Article Courtesy of Rhotheta International, Inc.
Our motto is “Detect – Locate – Rescue.”
At Rhotheta, we closely follow the news about personal locator beacons (PLBs), emergency
position indicating rescue beacons (EPIRBs), and emergency locator transmitters (ELTs),
keeping them in the crosshairs of our professional VHF and UHF radio direction finders (V-
Cellphones, however, cannot be tracked by our RDFs, even though some boaters try to use
them in an emergency — too often unsuccessfully, for several reasons.
Fortunately, more PLBs are being used by individual boaters, effectively supplementing the
safety provided by the EPIRB assigned to their boat.
In 2021, the National Oceanic and Atmospheric Administration’s Search and Rescue Satellite
Aided Tracking (SARSAT) system helped rescue 330 people from potentially life-threatening
situations throughout the U.S. and its surrounding waters. “Of the 330 U.S. rescues, 195 were
water rescues, 29 were from aviation incidents, and 106 were from events on land,” NOAA
said. Alaska had the most SARSAT rescues with 55, followed by Florida with 52 and
California with 37.
Rhotheta RDFs — airborne, marine, stationary, and portable models — are Cospas-Sarsat
capable and play an important role in many such rescue operations. The airborne RT-600
exhibits 20-plus years of proven performance with USAF-AUX CAP and U.S. law
enforcement, as does the shipborne RT-500-M and RT-300 for U.S. Coast Guard, Canadian
Coast Guard, and other agencies worldwide.
Compared to GPS-based beacons, an RDF does not depend on other infrastructure and there
is no delay between when the beacon activates and when the direction finder determines a
bearing — meaning no waiting for a GPS fix.
Now, are there enough PLBs being used by boaters out there?
In its public board meeting last Oct. 19, the National Transportation Safety Board (NTSB)
discussed the capsizing of the liftboat, Seacor Power, off the coast of Port Fourchon,
Louisiana, on April 13, 2021. Of the 19 people aboard the vessel, six died, seven are missing,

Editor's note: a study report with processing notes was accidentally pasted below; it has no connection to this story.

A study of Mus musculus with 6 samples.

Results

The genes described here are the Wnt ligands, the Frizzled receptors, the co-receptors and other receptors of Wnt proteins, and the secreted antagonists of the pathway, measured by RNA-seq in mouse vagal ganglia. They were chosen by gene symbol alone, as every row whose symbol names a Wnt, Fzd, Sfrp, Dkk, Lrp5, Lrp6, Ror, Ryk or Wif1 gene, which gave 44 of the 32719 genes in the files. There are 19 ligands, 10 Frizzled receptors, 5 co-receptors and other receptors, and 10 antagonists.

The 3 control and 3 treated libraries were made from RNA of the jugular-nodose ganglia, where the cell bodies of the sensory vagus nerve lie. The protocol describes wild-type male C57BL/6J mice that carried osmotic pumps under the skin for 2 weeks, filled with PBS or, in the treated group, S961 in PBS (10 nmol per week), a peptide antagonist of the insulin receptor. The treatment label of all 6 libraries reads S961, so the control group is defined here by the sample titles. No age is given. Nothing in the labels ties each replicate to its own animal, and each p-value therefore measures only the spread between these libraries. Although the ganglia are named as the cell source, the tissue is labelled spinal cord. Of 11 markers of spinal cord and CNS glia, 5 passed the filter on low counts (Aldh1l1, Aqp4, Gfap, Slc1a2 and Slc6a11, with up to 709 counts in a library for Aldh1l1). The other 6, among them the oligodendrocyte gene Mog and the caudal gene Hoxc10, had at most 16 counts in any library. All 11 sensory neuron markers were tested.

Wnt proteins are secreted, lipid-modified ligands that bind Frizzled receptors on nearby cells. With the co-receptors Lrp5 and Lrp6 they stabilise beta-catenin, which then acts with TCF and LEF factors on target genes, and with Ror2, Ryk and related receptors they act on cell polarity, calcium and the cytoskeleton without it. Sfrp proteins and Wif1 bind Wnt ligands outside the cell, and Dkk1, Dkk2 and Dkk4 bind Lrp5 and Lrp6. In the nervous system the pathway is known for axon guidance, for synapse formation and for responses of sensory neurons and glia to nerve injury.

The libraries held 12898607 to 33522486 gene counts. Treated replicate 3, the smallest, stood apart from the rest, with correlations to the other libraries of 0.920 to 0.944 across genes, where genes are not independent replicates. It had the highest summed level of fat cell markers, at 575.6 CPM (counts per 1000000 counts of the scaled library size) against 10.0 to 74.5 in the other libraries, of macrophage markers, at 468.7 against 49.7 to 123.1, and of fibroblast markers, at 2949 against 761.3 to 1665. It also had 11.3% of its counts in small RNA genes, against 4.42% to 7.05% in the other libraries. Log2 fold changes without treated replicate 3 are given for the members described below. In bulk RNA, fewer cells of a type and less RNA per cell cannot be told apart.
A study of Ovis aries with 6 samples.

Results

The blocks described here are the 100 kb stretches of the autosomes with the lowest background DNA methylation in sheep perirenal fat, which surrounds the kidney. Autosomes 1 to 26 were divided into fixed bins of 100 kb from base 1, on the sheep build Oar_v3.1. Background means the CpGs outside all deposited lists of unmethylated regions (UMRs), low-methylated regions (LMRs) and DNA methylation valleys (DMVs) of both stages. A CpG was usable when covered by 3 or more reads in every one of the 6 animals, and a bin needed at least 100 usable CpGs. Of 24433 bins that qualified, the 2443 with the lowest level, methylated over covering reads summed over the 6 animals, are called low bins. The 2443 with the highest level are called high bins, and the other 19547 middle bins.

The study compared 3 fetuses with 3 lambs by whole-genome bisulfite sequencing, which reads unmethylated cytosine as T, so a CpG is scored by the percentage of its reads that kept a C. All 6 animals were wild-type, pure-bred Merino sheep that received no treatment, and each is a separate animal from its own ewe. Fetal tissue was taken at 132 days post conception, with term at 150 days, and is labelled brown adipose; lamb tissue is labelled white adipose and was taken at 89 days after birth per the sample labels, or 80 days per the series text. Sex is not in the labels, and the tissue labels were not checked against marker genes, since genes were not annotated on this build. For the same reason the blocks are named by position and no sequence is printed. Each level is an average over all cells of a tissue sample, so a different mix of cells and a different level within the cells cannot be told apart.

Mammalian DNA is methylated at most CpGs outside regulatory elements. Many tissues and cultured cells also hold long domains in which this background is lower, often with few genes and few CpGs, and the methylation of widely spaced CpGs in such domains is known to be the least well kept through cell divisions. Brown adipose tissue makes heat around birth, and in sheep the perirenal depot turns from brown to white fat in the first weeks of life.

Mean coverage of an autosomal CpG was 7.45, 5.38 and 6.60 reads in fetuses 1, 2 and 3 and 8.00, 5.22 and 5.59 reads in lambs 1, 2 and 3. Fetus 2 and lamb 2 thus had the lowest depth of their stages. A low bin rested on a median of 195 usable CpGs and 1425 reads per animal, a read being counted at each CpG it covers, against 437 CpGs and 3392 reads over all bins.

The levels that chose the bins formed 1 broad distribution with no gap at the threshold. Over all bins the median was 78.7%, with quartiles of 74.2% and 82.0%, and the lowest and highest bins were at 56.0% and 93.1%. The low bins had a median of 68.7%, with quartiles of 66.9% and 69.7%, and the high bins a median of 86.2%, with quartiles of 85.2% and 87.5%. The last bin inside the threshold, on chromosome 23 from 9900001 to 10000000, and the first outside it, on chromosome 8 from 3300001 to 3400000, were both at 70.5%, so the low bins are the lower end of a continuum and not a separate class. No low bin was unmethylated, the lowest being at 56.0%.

and six people were rescued by the U.S. Coast Guard and other vessels.
The NTSB reiterated a recommendation to the U.S. Coast Guard to require all personnel
employed on vessels in coastal, Great Lakes, and ocean service be provided with a PLB. The
NTSB also recommended the Offshore Marine Service Association notify members of PLB
availability and value.
At Rhotheta we like to say our RDFs are of inestimable value for making maritime activities
safer, and certainly many organizations consider RDFs an essential mission tool.However, our true success comes when PLBs and EPIRBs are being carried and get activated
in a timely fashion to allow the rescue of personnel and recovery of assets.
The competitive advantage of Rhotheta RDFs lies on their high-quality, proven performance;
excellent price-performance ratio; short lead times; quick turnaround times; and prompt
Rhotheta actively cooperates with other marine electronics manufacturers to modernize the
integration of RDFs to their networks and is advancing its direction finder technology by
introducing software defined radio (SDR) technology.
Rhotheta aims to continue being a reliable supplier of innovative RDF technology worldwide.
For more information, please contact Rhotheta International at 954-495-8700 or
firstname.lastname@example.org, or stop by Booth #958.